I make no secret that I get a variety of emails and phone calls from various groups regarding their desires to sell me services for my books. Oftentimes it is that they want me to pay to be included in a book fair or they want me to purchase their marketing package to help promote my books' sales. I have gotten a few that were more egregious like the time someone asked me for $13,000 to turn my book into a movie idea.
I did not follow through with any of these agreements for a number of reasons.
After researching many of these groups and running across little information about them and what I did find not being positive, I started cataloging my contacts with them in a blog post, you can read it here. Given that the calls and emails kept coming, I migrated the information from that original blog post to a dedicated page on my website (found here).
And being a member of multiple social media groups, I've tried sharing this information out to other authors who may also be getting contacted by these groups. Given the lack of information about them online, the missing or poor ratings with the BBB, and a host of other red flags that suggest they may not be the best groups to work with in these matters, I feel a sense of duty to make the details of my encounters available for others to find in their research and to advertise as a warning for others who might not have thought to do that research otherwise.
My blog posts and web pages have seen some good traffic and I have even gotten a few comments from others on the pages. My website also offers a contact form where anyone can shoot me an email with whatever information they choose to share basically. One such email in early 2022 came from "J Doe", the name I've chosen to protect this person's identity. J Doe shared a gut-wrenching story about their involvement with New Reader Magazine, the same group on my pages that I listed as asking me for $13,000 to turn my book into a movie.
J Doe and I exchanged a number of emails over the next several days as J Doe provided me with screenshots of text messages and copies of emails that had been exchanged with the different people involved. I took the details of J Doe's encounter and turned into a new blog post with J Doe's permission and approval of the blog's content to ensure that it accurately portrayed the series of events. (You can check out J Doe's story here).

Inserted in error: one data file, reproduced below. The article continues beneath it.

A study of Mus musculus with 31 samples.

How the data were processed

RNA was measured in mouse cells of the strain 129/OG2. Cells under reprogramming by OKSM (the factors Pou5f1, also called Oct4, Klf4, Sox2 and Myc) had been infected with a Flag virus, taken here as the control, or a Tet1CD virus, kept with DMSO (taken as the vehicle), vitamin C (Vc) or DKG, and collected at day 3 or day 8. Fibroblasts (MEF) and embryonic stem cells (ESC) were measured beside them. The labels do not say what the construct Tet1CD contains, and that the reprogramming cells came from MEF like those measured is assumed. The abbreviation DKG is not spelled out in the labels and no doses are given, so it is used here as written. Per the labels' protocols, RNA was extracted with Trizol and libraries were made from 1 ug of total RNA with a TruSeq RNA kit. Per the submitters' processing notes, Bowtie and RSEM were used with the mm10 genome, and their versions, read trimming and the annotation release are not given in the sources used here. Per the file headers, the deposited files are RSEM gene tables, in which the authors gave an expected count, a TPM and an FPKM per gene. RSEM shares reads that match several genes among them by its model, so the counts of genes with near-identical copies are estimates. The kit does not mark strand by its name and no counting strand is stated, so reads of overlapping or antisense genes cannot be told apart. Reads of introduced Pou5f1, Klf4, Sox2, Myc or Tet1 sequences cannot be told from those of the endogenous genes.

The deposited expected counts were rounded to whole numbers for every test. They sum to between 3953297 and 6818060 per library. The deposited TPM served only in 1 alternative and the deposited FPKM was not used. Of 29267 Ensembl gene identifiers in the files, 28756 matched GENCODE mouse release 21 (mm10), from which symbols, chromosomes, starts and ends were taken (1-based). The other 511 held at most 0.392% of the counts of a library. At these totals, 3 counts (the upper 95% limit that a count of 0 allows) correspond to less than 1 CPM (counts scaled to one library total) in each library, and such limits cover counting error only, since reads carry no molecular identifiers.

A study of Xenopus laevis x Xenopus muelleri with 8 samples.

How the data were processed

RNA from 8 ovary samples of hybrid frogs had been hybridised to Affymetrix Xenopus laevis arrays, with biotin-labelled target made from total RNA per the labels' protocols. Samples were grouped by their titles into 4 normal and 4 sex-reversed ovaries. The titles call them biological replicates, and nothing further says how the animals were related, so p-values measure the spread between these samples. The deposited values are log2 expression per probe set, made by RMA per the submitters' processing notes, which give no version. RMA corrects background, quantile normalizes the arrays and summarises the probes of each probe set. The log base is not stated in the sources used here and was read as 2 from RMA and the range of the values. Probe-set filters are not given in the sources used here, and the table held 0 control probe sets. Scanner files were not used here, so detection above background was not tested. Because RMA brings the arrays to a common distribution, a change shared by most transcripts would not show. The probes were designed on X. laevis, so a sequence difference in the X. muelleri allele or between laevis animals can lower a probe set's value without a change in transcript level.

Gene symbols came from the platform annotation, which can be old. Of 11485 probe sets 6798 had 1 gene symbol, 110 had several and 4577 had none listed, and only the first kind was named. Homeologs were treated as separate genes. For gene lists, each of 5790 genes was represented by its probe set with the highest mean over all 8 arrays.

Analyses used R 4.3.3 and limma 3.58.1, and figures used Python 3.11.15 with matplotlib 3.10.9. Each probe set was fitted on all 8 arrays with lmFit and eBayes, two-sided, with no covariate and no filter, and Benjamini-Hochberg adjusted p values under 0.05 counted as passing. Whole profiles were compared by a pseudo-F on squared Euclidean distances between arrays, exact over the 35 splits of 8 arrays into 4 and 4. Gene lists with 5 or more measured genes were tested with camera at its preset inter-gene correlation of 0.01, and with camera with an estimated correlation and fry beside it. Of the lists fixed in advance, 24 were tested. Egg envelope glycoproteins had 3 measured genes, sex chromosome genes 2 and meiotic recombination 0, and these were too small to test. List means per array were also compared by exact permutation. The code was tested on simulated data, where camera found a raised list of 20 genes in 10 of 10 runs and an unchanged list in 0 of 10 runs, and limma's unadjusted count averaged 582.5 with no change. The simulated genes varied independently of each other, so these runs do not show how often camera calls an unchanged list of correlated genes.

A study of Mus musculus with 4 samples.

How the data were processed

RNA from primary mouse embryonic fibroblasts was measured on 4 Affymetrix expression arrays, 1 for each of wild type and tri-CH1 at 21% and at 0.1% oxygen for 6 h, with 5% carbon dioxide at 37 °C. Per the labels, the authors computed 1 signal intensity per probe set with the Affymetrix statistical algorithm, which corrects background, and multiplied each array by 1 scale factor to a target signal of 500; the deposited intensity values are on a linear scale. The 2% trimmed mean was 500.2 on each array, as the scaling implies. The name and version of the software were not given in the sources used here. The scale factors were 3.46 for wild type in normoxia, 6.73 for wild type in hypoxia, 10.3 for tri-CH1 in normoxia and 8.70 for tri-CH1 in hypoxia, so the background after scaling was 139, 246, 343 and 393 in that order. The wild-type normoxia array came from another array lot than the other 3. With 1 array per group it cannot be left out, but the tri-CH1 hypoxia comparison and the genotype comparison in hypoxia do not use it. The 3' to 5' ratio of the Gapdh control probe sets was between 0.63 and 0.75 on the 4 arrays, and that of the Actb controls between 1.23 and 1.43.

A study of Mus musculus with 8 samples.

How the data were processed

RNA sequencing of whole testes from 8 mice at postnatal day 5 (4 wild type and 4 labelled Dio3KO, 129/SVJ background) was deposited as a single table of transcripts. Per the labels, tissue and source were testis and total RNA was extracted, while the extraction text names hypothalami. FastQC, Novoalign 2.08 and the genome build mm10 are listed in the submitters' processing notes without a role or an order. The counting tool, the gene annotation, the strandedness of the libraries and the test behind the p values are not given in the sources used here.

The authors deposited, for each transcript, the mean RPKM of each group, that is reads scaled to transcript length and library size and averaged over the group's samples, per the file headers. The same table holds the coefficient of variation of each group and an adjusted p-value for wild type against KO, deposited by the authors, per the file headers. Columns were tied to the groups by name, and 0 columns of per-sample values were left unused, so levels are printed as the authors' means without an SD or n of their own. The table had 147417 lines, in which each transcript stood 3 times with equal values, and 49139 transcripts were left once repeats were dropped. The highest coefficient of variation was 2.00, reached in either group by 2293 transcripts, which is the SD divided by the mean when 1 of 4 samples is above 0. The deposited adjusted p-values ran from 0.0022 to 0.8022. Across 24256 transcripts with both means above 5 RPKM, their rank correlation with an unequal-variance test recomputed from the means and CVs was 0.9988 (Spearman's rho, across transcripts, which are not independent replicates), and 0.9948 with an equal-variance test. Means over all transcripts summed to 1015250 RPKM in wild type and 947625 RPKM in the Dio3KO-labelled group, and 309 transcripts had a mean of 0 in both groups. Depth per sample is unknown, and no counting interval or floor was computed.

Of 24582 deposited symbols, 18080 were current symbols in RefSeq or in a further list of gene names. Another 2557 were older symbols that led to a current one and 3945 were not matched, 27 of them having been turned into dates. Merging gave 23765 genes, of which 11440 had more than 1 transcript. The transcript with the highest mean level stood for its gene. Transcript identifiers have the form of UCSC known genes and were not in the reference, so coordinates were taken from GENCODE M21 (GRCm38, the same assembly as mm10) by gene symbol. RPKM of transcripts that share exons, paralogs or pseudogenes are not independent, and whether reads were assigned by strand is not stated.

My odd encounter was not with J Doe or any of the groups that typically deploy cold call sales techniques to try and get me to buy anything. No, my odd encounter came in the form of an email generated to me through my website.
Shortly after posting the J Doe story, my inbox lit up with a new message. It had all of the usual stuff like a name, an email address, and even a phone number. The message itself vaguely recounted a similar experience to what I and J Doe had with New Reader Magazine. There were certain details included in the message regarding this author's experience but not enough for me to feel comfortable moving forward with any type of post or comments regarding it.
I quickly replied back to the address in question and asked if the author could send me any documentation to support their claims, something J Doe had done prior to me publishing that post. For me, I want to have documentation that backs up any claims regarding these groups that I make on my social media or website, mainly to avoid any legal issues but to also have as backup if anyone should question the validity of the posts.
Well, days went by, weeks in fact, and I never heard a reply from the author. I thought that was a little strange that someone would feel the issue was important enough to reach out to me with the information they did but not important enough to follow up on it after roughly 3 weeks.
Not ready to call it quits, I send the author's email address another message to let them know that I was still interested in sharing their story provided that they can share with me some additional details and any supporting documentation to support their claims.
That was mid-July.
Fast forward to late-August and this is where the odd truly happens.
I finally get a reply but not the one I was expecting. Instead of getting the information I had requested or even a "no thank you. I've changed my mind," type reply, I get an email, from the same address mind you, that now has a different name associated with the address. The new name is claiming to be the spouse of the author who tells me the author died in 2018. Not only that, the spouse flat out says that the information I had originally received is 100% not true.
If this person died in 2018 then who sent me that email? Why send me an email using a dead person's name and email address with a fake story? It makes no sense to me. Who would do that and why?
I replied back to the address offering my condolences and apologies for any inconvenience or emotional distress my emails may have caused. I can't for the life of me fathom why someone would do such a thing but it sure strikes me as odd, hence this post's name.
Despite this, I will continue to catalog my experiences with these groups as I always have. And if anyone else comes forward as J Doe did and wants me to share their story, I'm open to doing that, provided that they can substantiate their claims and are willing to provide me that information for my own protection.